JAMA: Use of tPA for warfarin-treated patients is safe after stroke
Stroke Monitoring - 53.48 Kb
Source: National Institute of Mental Health
Using reperfusion therapy on warfarin-treated patients with ischemic stroke and guideline-recommended international normalized ratios (INRs) appears to be safe, according to a study published June 26 in the Journal of the American Medical Association. The researchers found that about half of eligible patients didn’t receive this treatment, prompting the writer of an accompanying editorial to encourage physicians to use the therapy when applicable.   

The American Heart Association, American Stroke Association and the American Academy of Neurology recommend that patients on warfarin with INRs of 1.7 or lower who experience acute ischemic stroke receive intravenous tissue plasminogen activator (tPA), which has been shown to improve outcomes. But patients on warfarin may be at increased risk of intracranial hemorrhage when treated with tPA.

Exacerbating the problem is the fact that major clinical trials excluded warfarin-treated patients in their studies, and the observational studies that have examined tPA’s safety profile among these patients have been small, had conflicting results and may not be applicable to patients in the U.S., wrote Ying Xian, MD, PhD, of the Duke Clinical Research Institute in Durham, N.C., and colleagues.

Using the Get With the Guidelines-Stroke Registry database, Xian and colleagues designed a study to better understand what if any increased risks warfarin-treated patients faced with tPA, the association between INR and symptomatic intracranial hemorrhage in these patients and the percentage of eligible patients who go without treatment in current clinical practice.

They identified 23,437 patients from 1,203 hospitals with acute ischemic stroke and a baseline INR of 1.7 or lower who received intravenous tPA between 2009 and 2011. The primary outcome was symptomatic intracranial hemorrhage. The secondary outcomes were life-threatening or serious systemic hemorrhage within 36 hours, any tPA complication within 36 hours, in-hospital mortality, and discharge to skilled nursing facility or inpatient rehabilitation facility.

The researchers found that 7.7 percent of stroke patients administered tPA therapy were receiving warfarin. Those patients were typically older, sicker and had more severe strokes. The unadjusted symptomatic intracranial hemorrhage rate was higher in this group compared with those not on warfarin. But after risk adjustment and sensitivity analyses, there no longer were significant differences in symptomatic intracranial hemorrhage risk, serious systemic hemorrhage, tPA complications or in-hospital mortality.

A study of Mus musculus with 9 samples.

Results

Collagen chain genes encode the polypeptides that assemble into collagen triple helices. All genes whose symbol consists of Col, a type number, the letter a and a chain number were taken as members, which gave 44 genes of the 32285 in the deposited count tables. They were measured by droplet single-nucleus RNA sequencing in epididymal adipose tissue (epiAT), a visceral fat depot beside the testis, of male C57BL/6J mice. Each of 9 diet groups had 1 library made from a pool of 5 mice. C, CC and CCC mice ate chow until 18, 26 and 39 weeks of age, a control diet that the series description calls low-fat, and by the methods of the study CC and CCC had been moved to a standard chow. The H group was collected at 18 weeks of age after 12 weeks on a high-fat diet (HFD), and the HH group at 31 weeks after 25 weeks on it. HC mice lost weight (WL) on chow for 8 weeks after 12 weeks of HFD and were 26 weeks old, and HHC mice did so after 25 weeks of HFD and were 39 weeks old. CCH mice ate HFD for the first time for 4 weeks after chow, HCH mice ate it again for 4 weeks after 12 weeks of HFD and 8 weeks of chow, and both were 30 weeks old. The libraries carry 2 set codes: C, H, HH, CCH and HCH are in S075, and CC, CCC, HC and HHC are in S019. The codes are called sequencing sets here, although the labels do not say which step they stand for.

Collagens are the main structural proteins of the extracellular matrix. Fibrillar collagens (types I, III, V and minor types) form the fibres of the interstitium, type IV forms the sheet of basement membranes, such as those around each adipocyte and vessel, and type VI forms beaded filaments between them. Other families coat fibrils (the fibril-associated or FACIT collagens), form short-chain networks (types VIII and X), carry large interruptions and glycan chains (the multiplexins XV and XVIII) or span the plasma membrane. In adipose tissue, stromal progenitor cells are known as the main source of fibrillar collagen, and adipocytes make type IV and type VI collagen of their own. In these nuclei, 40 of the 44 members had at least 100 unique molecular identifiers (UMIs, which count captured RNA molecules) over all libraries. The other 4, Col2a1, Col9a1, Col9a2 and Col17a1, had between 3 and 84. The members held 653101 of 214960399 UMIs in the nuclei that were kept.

Nor was the degree of anticoagulation among warfarin-treated patients with INRs of 1.7 or lower significantly associated with symptomatic intracranial hemorrhage risk. Overall, they calculated that 48.6 percent of patients on warfarin who were eligible for tPA treatment did not receive it.

“[A]lthough the risk of sICH [symptomatic intracranial hemorrhage ] increases marginally with higher INR levels, intravenous tPA appears to be safe in warfarin-treated patients with a baseline INR of 1.7 or lower,” Xian and colleagues wrote. “Collectively, these findings provide empirical support for current AHA/ASA guideline recommendations and confirm the safety profile of intravenous tPA in warfarin-treated patients with INRs of 1.7 or lower in routine clinical practice.”

They suggested that their findings may inform further studies and recommended that researchers examine the effectiveness and safety of tPA use in warfarin-treated patients whose INR values are outside the recommended range in guidelines. They raised the issue of new oral anticoagulants and their safety as well.

They pointed out that in their study at least 2,400 patients did not receive tPA treatment although they met guideline requirements. “We found the potential for substantial undertreatment, because up to 50 percent of warfarin-treated patients who might have been eligible for reperfusion therapy did not receive intravenous tPA,” they wrote. “These data provide empirical support of current AHA/ASA guideline recommendations and may help support future stroke quality improvement efforts.”  

In an accompanying editorial, Mark J. Alberts, MD, of the stroke program at Northwestern University Feinberg School of Medicine, call the results reassuring but he also highlighted some limitations. He noted that many patients had INRs lower than 1.5. “Thus, it is not surprising that intravenous tPA was relatively safe in the overall cohort,” he wrote.

Hospitals participate voluntarily in the Get With the Guidelines-Stroke program, which Alberts wrote suggests they likely follow well-developed protocols for tPA usage and offer a high level of expertise and experience. He questioned if the results were generalizable to all hospitals and care settings.

“Despite these limitations, the study by Xian et al contributes important information regarding stroke care and raises further questions that should be examined,” he wrote. He added that the study provide evidence that supports current guidelines. “The results of the current study provide another chance to treat a serious and potentially disabling disease that has very few effective medical therapies.”